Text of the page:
Fleet Cards And Analytics Combine To Help Fight Fuel Costs

By: Eileen Goode (@eileengoode)

Unable to control what gas costs at the pump, companies have turned en masse to the use of fleet cards to mitigate some of calamitous effects of spiking prices. Such payment cards allow managers to track costs, negotiate pricing and lower fleet overhead by eliminating inefficient paper-based reimbursement processes.

Given their benefits, their popularity is unsurprising—up to 90 percent of fleets were using some form of fuel card by 2011, according to Stiel Direct’s study “2011 Trends in Fleet Card Payment Solutions. “ . As 2014 begins, gas costs have been on the rise, up 8.41 cents since early December 2013. Current price increases, however, are not expected to persist; increased production combined with decreased demand will likely keep prices at a level similar to 2013 , according to analysis by GasBuddy.

This prediction represents mixed news for fleet managers. Though 2013 represented the lowest U.S. fuel costs since 2010 the year was still the third most expensive for gas in American history, led only by the two years that preceded it, reports AAA

With fuel costs set to remain at historically high levels for the foreseeable future, fleet managers are finding new ways to make purchasing cards even more useful. Fleet cards, when used in conjunction with analytics, help managers build better data sets, analyze their information more carefully and make better spending choices.

Data Is Power

Nearly all cards – whether issued by a bank, fuel company or specialized provider of fleet cards – will provide basic purchase information, including how much was spent and where it was spent.

However, as data-gathering and analysis techniques have advanced over the past decade, so, too, has the information available through the use of fleet cards. Providers are now looking past the basics and are using card programs to capture enhanced data, such as odometer readings, line-item purchase summaries and exact per mile costs, according to a report by fleet card processor Wright Express, now known as Wex Inc. Enhanced data-capture methods also allow fleet managers to keep better tabs on individual drivers, as this type of data capture requires the cardholder to enter a driver’s license or vehicle ID number for added security.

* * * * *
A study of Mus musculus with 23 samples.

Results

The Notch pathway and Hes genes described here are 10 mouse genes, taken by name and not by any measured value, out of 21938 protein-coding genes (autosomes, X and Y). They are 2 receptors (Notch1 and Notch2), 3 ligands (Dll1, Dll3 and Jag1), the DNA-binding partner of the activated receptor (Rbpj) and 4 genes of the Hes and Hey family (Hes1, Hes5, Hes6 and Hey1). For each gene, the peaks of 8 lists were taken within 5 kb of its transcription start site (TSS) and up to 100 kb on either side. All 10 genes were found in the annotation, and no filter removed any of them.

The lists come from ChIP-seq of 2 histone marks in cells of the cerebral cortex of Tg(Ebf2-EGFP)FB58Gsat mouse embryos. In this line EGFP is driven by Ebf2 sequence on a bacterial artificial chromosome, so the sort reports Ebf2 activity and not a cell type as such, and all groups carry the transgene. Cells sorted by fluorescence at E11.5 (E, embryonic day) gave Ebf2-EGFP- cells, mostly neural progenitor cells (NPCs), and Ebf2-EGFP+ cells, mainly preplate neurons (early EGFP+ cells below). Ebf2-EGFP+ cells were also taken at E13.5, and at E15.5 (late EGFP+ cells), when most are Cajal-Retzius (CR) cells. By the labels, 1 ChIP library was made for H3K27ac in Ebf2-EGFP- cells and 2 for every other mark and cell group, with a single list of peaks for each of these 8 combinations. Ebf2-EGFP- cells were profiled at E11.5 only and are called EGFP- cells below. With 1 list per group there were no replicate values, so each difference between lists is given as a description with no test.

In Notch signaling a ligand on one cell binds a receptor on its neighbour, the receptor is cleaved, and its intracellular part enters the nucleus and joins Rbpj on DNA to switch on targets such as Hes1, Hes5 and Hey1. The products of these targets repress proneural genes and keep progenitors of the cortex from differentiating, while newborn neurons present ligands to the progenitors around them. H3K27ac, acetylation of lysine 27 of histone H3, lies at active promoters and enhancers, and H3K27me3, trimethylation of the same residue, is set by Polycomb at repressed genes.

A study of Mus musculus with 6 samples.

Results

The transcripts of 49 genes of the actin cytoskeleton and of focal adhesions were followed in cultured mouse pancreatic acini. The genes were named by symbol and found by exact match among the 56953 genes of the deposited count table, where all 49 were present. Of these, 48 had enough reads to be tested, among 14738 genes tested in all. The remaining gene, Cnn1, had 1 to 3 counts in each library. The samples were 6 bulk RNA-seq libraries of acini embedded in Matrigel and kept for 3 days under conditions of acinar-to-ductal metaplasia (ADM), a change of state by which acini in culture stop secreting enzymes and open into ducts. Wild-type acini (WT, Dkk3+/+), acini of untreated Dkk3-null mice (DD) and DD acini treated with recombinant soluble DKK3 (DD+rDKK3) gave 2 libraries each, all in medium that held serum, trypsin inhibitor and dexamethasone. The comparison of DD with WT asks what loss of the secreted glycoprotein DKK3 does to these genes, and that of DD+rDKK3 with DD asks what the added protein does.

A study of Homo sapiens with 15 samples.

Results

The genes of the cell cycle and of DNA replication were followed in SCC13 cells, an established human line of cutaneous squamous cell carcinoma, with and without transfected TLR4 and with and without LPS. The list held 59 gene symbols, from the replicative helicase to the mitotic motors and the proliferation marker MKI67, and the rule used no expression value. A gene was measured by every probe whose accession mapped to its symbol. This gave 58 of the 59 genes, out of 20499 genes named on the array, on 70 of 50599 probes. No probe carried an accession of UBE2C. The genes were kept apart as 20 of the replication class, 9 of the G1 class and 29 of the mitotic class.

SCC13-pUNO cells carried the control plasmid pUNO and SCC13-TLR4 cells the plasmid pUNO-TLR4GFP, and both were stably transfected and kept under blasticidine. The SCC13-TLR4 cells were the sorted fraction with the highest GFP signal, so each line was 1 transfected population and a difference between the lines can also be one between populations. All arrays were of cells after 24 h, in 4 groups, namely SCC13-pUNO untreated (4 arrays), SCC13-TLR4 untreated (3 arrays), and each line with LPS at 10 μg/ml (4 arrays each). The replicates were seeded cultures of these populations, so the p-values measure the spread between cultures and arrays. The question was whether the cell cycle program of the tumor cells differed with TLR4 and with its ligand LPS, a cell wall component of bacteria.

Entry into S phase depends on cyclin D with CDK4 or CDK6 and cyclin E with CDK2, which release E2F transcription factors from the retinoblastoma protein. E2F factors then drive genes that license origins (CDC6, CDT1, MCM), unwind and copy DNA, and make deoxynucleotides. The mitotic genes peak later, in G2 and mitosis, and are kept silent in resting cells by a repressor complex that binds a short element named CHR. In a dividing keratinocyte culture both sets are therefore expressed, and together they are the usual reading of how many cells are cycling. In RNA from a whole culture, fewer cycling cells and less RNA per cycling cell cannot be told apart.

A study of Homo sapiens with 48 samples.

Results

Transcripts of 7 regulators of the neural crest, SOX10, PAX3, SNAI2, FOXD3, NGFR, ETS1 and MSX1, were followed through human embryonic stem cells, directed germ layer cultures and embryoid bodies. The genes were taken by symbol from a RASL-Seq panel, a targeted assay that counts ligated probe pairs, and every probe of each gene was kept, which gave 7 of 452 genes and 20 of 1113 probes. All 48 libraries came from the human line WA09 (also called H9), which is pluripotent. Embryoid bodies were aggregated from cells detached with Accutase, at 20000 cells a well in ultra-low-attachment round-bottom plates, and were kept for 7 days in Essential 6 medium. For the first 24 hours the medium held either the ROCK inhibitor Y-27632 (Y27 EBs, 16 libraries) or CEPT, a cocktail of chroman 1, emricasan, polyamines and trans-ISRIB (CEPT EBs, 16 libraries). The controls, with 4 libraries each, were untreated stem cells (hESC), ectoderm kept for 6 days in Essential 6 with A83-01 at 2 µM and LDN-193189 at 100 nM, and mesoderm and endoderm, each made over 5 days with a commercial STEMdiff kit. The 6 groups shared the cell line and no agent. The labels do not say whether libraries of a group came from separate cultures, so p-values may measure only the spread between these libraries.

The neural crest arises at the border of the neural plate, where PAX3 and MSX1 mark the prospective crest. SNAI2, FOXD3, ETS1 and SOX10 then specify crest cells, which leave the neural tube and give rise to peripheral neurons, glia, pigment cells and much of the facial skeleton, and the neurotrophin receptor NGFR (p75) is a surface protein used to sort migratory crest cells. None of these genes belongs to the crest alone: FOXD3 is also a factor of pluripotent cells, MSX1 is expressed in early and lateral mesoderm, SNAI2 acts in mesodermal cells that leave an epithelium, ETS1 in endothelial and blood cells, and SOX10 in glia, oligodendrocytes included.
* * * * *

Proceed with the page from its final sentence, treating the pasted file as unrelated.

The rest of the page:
Fleets can use such information to lower costs in various ways, such as steering drivers to locations with negotiated pricing deals. Businesses also can link data gathered through the cards to a their telematics, dispatch and enterprise systems, which lower overall processing costs and up efficiency. Moreover, knowing how and when employees are using cards is a helpful tool for managers looking to set restrictions on their use.

Limitations on fleet-card use can include the types of purchases an operator can make, and limits on where, when and how much fuel they can purchase fuel.

With expanded data available on demand, managers have a greatly expanded ability to pick out and solve problems. For example, an analysis of card data that reveals a single vehicle in a fleet with much lower fuel efficiency than the rest could signal that the vehicle is in need of service, or that the driver is operating it incorrectly. Drivers using cards during nonbusiness hours too often or to buy an excessive number of Twinkies can easily be flagged, and companies can design loss-prevention programs to fix the problem.

While fleet cards may not always lower fuel cost, they potentially may lower the costs of doing business. As payment cards are linked to increasingly tailored data sets, managers are more clearly able to see where they are losing money and where there are opportunities for savings.